In just over a week we open My Name Is Rachel Corrie, a powerful play about a young peace activist who died in Palestine in 2003. In 2006, Jackie McGlone spoke to Alan Rickman, who discovered the story and edited the play (along with Guardian editor Katharine Viner). The following comes from an article in the Scotsman:
“Rickman read Rachel's e-mails in the newspaper. "Two things stick in my mind: one was that the writing didn't feel as if it wanted to be trapped on a page for ever, it wanted to be spoken. The second is, I might not have read that paper, just as I haven't got round to reading one today - I might not have known," he says, trying to imagine the unimaginable.
Immediately, he left his home in west London and went to the Royal Court to suggest to Ian Rickson, the artistic director, that they should do something with it. "Then Rachel's parents arrived in London. They were a bit dazed, not just by what had happened to their daughter, but because this theatre was saying, 'We want to do a play based on her writings.' But they are remarkable people. There was never any bitterness or anger, only reasonableness and a desire for justice - because there has never been an investigation into Rachel's death."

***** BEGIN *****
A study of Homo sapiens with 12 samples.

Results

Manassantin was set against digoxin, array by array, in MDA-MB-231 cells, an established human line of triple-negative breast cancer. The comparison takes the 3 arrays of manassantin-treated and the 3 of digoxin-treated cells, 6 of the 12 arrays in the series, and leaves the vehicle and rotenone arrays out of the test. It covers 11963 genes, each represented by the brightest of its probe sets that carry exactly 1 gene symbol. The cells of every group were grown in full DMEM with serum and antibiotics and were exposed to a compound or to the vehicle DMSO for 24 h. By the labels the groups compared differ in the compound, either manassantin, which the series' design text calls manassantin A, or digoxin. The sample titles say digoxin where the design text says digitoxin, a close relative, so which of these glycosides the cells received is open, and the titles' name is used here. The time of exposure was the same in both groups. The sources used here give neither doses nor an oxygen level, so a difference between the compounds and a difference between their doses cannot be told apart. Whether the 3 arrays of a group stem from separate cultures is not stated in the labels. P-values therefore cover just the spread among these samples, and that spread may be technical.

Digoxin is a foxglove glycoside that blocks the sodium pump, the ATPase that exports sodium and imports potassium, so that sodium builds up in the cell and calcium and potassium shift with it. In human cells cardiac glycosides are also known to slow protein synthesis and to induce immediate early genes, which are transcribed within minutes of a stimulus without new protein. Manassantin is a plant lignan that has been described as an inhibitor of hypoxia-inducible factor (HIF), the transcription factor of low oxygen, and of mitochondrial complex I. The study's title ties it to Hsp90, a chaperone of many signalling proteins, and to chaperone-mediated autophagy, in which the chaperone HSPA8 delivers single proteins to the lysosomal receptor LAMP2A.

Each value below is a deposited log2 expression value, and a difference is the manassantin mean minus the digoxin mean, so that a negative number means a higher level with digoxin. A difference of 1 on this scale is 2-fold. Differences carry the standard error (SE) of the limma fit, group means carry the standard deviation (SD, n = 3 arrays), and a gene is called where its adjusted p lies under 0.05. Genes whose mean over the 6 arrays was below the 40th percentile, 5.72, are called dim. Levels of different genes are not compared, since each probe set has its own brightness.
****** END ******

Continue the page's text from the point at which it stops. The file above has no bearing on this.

The Corries gave Rickman "everything" - Rachel's school notebooks, jottings, diaries, poems. "We got 182 pages, from the time she was 12 up to the Gaza e-mails. I went to the Corries' home, in Washington, and spent time with them. 'Don't put her on a pedestal,' they said to me. But I was always concerned that this would not be a 90-minute polemic. You come, you make up your own mind," he says. "Of course, when Cindy and Craig saw the play, they were like human waterfalls."
Rehearsal photos of Mairi Phillips as "Rachel Corrie" by Tim Morozzo
When I saw the production, I veered between wanting to shake Rachel for her naivety and wanting to embrace this "scattered and deviant and loud" young woman for her intelligence, spirit, honesty and courage. "I'm so glad you felt that, because that's exactly how I hope audiences will feel," responds Rickman. "This isn't a play about Palestine or Israel, it's about being a citizen of the world."”
Rickman, who had one of his first major stage roles at the Citizens Theatre, also reminisces about the theatre “They changed all our lives”.
You can read the full article here.
My Name Is Rachel Corrie will be at the Citizens from 2-20 March 2010.